Experts, advocates and survivors stress importance of access to defibrillators

When Jay Johnstone suffered sudden onset cardiac arrest at the gym as a 30-year-old, he was lucky to be in the same room as someone with the confidence to perform CPR and use an automated external defibrillator (AED).

“All of a sudden I felt shortness of breath, weight on my chest, and I was spinning out of control,” Mr Johnstone said.

Jay and Tom both believe there should be far more publicly accessible AEDs, and Jay is considering buying one for home.

St John Ambulance volunteer Tom Cressy initially thought his gym buddy was having an asthma attack when he saw him struggling, but when Mr Johnstone curled in the recovery position he realised it was something far more serious.

Mr Cressy followed his training; he checked vital signs and airways, he told onlookers to call an ambulance and find an automated external defibrillator (AED), then he began CPR.

To his horror, the gym didn’t have an AED and, without one, it was unlikely Mr Johnstone would survive.

For every minute that passes, there is approximately a 10% reduction in survival from sudden onset cardiac arrest.

Ten minutes without an AED means a five to 10% chance of survival, and Mr Cressy was informed the ambulance was 13 minutes away.

Although he had attended every training he possibly could, nothing could prepare him for the experience of performing CPR to save a life.

“When you come across a patient in training, it’s a legless, armless dummy,” he said.

“And they say, ‘This person is unconscious, they’re not breathing’.

“They won’t tell you that a person will go from talking to you to dead in 20 seconds, and it will happen in an instant.”

Mr Johnstone’s partner watched in tears, music blared in the background and a crowd of onlookers gathered as Mr Cressy concentrated on his task.

“They won’t tell you that you will feel the ribs break, that people will make weird noises when you give them CPR, and that CPR is one of the most taxing things you can do.”

Thankfully, a gym patron guessed correctly that a nearby Woolworths supermarket would have an AED, and returned with the crucial device within seven minutes.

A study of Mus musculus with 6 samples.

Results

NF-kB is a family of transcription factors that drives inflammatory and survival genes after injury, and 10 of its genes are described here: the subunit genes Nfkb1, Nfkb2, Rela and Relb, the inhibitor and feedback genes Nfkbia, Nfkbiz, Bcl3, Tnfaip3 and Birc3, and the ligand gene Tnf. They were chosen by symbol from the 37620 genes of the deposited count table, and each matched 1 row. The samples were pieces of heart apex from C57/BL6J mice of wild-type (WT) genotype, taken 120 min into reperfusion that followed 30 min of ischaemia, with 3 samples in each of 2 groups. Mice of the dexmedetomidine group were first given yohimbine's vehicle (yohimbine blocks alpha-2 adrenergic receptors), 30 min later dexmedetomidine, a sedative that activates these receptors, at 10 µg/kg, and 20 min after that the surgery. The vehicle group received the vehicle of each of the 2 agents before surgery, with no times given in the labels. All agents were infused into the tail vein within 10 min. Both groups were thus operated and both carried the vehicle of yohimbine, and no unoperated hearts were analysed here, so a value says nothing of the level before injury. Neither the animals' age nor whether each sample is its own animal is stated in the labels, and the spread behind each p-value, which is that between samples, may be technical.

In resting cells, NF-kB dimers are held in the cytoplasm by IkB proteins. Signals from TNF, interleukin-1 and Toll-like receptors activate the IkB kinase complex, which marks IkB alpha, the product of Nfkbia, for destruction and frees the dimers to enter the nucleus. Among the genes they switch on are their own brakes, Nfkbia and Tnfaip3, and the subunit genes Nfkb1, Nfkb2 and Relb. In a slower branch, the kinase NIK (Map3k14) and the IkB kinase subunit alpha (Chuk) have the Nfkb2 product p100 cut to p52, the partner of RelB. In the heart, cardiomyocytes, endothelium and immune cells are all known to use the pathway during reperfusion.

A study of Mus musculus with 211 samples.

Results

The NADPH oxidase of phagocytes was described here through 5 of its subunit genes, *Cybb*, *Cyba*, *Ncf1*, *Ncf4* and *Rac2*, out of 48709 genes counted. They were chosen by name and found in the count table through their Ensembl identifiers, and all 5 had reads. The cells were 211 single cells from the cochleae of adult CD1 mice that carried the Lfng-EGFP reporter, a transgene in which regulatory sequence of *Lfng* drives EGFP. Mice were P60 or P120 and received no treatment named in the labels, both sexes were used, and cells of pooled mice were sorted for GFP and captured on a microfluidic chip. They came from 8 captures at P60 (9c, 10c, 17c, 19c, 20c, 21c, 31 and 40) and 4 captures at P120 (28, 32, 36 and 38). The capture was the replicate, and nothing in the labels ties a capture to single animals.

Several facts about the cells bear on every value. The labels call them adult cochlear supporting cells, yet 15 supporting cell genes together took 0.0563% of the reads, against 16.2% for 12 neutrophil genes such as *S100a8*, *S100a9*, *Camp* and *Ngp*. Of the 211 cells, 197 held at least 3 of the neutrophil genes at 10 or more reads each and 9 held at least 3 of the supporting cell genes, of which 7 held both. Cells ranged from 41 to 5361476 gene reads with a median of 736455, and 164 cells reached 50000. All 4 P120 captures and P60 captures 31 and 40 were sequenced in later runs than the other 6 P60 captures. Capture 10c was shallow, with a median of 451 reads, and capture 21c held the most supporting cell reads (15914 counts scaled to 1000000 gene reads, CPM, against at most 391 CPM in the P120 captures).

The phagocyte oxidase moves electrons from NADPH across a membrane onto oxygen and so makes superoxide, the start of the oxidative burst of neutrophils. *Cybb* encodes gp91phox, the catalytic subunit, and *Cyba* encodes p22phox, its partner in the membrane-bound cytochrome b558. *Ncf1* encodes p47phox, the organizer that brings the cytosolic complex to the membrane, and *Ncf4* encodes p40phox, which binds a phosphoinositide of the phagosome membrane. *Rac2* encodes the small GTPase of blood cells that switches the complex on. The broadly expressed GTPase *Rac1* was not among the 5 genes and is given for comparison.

“We shocked Jay. And Jay’s not a small guy; but it was one of the most violent things I’ve ever seen.”

Once he had an AED in his hands, and amazed by its strength, Mr Cressy felt sure Mr Johnstone would survive – which he did.

“We know [AEDs] save lives. CPR can only do so much, and the defibrillator needs to shock the heart, you need to get the rhythm back.”

Governor-General David Hurley demonstrates how to use the St John AED, to give Australians the confidence they can do it themselves.

Mr Cressy’s advice to people who find themselves bystanders to a crisis is simple: push past the terror, act quickly and confidently.

Sudden cardiac arrest claims 30,000 Australian lives each year, a figure St John Ambulance Australia CEO Len Fiori is determined to see go down by increasing bystander use of defibrillators to 50% nationwide by 2025.

Speaking at the launch of a new St John AED at Government House in Yarralumla yesterday, 10 March, Mr Fiori said statistics showed up to 80% of sudden onset cardiac arrest patients would survive if given CPR and early defibrillation.

The self-funded charity’s mission was supported by Governor-General David Hurley and Linda Hurley, who gifted 10 Australian not-for-profit organisations a St John AED.

The Country Women’s Association of Australia, Volunteering Australia, Mission Australia, National Rural Health Alliance, Solider On, Australian Men’s Shed Association, Bridging the Gap, FORTEM Australia, People with Disabilities Australia and YMCA Canberra received an AED to share with their communities.

Australian Men’s Shed Association chairman Paul Sladdin said the AED he was honoured to accept would most likely go to a rural shed, where it may be used by the wider community.

The Governor-General, who is also Prior of the Order of St John, said sudden cardiac arrest was a risk factor for everybody.

He lost a good friend who died at a golf course because there was no AED available.

“So, we can reduce the risk by putting these into training facilities like gyms, into shopping centres, into our offices spaces, throughout our community,” he said.

Linda Hurley hands Jay Johnstone an award in recognition of his advocacy about the importance of public access to AEDs.

“Know where they are, give the people the training so they’ve got the confidence to use them, and be ready to use them the moment it occurs.

“And it could occur at any time.”

The trauma Mr Johnstone experienced crystallised his appreciation of the present and inspired him to help others.

The young cardiac arrest survivor joined St John Ambulance ACT as a volunteer, working alongside Mr Cressy to “pay off this life debt”.

He quit his job in IT and started a new career in disability care.

“Coming from my own cardiac recovery, I help other people through their own recoveries, through their own stories,” he said.

Mr Johnstone’s choices reflect the St John mission, to help people in sickness, distress, suffering or danger.

“I really appreciate every minute of my life because I know, statistically, I shouldn’t be here.”

On behalf of the St John Priory in Australia, the Governor-General awarded Mr Johnstone and Mr Cressy special thanks of the Prior and Chancellor in recognition of their dedication in raising community awareness of the importance of public access to AEDs.